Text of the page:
Extinction Rebellion holds sit-in at Surrey mill that processes old growth timber

Environmental activists gathered at the Teal-Jones mill in Surrey, B.C., Monday to protest the company's logging of old growth forests.

The demonstration was organized by Extinction Rebellion, the same group that’s previously shut down a number of Vancouver bridges and intersections to draw attention to environmental causes.

"Extinction Rebellion does disruptive action, so that's what we're doing here today – we're shutting down the Teal-Jones mill for the morning," member Brent Eichler told CTV News.

"We're here in support of the land defenders, of the First Nations people who are fighting to protect the land and water."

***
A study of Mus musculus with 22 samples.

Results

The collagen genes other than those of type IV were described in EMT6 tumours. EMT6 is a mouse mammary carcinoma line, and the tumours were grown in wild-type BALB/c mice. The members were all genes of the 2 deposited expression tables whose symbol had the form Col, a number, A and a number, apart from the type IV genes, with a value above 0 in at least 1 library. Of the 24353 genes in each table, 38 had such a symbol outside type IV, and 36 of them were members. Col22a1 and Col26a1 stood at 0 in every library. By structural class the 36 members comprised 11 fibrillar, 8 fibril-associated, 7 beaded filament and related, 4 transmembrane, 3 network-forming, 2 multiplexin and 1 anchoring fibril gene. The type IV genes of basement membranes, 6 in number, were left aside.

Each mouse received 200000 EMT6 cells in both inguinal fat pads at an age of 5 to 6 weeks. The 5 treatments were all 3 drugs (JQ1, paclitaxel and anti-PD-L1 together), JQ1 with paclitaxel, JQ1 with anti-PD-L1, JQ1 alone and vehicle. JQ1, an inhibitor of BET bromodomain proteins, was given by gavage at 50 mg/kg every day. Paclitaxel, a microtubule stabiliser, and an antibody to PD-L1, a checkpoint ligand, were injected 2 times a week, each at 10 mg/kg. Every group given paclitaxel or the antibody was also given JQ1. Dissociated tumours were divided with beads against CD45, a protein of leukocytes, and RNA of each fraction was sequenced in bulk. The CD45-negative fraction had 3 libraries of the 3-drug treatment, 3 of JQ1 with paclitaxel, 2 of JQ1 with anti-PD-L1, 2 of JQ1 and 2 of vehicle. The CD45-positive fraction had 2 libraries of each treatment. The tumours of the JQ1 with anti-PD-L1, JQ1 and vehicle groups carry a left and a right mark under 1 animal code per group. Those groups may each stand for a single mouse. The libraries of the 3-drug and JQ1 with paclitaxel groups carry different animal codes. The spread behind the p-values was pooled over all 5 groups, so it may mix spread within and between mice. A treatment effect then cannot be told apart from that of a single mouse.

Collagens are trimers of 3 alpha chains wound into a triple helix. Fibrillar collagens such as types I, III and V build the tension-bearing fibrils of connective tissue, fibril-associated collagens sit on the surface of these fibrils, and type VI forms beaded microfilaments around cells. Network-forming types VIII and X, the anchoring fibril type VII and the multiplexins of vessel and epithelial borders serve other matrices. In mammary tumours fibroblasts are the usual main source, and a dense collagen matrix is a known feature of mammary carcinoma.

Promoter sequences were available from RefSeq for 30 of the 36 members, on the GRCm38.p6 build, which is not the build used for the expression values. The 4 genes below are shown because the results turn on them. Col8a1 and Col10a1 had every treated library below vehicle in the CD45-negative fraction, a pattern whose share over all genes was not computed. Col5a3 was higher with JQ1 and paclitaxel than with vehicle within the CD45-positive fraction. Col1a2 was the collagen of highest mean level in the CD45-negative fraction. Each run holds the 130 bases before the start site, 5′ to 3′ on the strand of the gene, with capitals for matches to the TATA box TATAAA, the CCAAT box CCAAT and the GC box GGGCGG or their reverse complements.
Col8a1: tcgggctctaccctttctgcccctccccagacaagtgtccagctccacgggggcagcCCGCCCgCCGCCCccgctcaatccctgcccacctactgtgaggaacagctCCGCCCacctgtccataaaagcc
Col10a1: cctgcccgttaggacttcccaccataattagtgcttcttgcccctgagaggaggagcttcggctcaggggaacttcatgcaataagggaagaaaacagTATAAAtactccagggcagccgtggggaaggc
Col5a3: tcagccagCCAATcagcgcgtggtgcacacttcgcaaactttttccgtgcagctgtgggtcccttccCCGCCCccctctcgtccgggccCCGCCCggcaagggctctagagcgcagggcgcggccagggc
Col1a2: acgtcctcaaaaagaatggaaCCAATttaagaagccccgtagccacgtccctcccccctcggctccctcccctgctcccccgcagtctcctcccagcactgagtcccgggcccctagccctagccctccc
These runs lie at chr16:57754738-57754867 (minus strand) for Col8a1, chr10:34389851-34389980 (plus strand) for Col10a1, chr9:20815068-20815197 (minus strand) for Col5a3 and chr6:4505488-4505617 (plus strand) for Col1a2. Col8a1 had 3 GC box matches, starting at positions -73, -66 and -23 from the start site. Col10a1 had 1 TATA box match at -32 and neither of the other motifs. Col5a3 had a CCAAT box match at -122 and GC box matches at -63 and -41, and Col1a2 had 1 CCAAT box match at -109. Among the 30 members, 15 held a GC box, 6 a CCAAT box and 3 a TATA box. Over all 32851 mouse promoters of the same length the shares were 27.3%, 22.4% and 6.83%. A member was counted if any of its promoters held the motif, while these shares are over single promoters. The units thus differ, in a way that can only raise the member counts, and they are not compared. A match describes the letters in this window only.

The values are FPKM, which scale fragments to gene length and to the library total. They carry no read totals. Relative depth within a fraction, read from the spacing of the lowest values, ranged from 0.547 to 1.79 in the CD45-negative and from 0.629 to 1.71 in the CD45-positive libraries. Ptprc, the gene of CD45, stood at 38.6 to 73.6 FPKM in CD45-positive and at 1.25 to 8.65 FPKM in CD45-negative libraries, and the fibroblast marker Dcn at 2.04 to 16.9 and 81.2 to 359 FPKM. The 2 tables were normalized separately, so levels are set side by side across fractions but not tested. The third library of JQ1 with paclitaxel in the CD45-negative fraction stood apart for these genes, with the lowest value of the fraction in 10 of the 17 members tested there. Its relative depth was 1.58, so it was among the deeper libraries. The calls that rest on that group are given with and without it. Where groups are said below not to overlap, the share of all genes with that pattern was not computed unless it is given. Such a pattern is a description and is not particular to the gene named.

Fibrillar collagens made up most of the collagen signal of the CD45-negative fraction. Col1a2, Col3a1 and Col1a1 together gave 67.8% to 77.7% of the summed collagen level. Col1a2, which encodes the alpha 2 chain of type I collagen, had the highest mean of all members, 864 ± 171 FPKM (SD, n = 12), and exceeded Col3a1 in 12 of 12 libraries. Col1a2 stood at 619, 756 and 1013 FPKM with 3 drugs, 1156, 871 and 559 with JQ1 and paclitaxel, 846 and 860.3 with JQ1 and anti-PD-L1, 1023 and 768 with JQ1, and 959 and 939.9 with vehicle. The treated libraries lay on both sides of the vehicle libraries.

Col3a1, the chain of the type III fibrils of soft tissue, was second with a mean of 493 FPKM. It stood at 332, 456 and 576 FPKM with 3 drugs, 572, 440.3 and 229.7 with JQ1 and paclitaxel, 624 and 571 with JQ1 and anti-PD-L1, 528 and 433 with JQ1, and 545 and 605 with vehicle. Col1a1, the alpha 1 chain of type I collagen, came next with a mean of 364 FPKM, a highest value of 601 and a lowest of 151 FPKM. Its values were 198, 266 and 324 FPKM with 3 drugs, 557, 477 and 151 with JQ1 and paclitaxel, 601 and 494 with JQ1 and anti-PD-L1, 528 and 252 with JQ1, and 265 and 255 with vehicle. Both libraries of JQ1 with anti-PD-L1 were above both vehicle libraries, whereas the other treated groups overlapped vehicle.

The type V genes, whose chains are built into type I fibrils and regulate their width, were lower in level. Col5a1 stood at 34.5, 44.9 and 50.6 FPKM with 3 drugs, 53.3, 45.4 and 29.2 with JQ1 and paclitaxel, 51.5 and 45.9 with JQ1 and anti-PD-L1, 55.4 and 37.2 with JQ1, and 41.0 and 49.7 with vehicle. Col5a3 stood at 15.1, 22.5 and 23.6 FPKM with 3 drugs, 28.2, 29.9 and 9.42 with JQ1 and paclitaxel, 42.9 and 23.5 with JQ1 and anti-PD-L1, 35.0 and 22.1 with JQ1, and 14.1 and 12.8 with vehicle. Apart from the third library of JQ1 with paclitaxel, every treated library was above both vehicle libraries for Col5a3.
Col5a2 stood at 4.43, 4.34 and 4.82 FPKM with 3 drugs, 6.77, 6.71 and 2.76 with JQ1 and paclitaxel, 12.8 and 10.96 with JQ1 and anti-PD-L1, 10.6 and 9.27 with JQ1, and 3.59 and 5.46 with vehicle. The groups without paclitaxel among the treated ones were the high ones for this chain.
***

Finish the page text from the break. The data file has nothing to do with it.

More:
The group gathered around 8 a.m. at 104 Avenue and Trigg Road to block vehicle access to the mill, which processes some old growth timber along with second growth timber, and demand an audience with the Teal-Jones CEO.

Protesters have been blockading forestry roads in the Fairy Creek area of Vancouver Island since last summer, resulting in a B.C. Supreme Court injunction and more than 150 arrests.

Over the weekend, a group of local First Nations reached an agreement to defer all old-growth logging in the area pending the development of a long-term resource stewardship plan.

The Huu-ay-aht, Ditidaht, and Pacheedaht First Nations said they informed the B.C. government of their plan on Saturday.

Teal-Jones told CTV News it will adhere to the First Nations' decision.

The company previously defended its logging operations in the Fairy Creek old-growth forest area, saying it only planned to log 20 acres of the 200 hectares available for harvest. The Fair Creek watershed is said to be almost 1,200 hectares in total.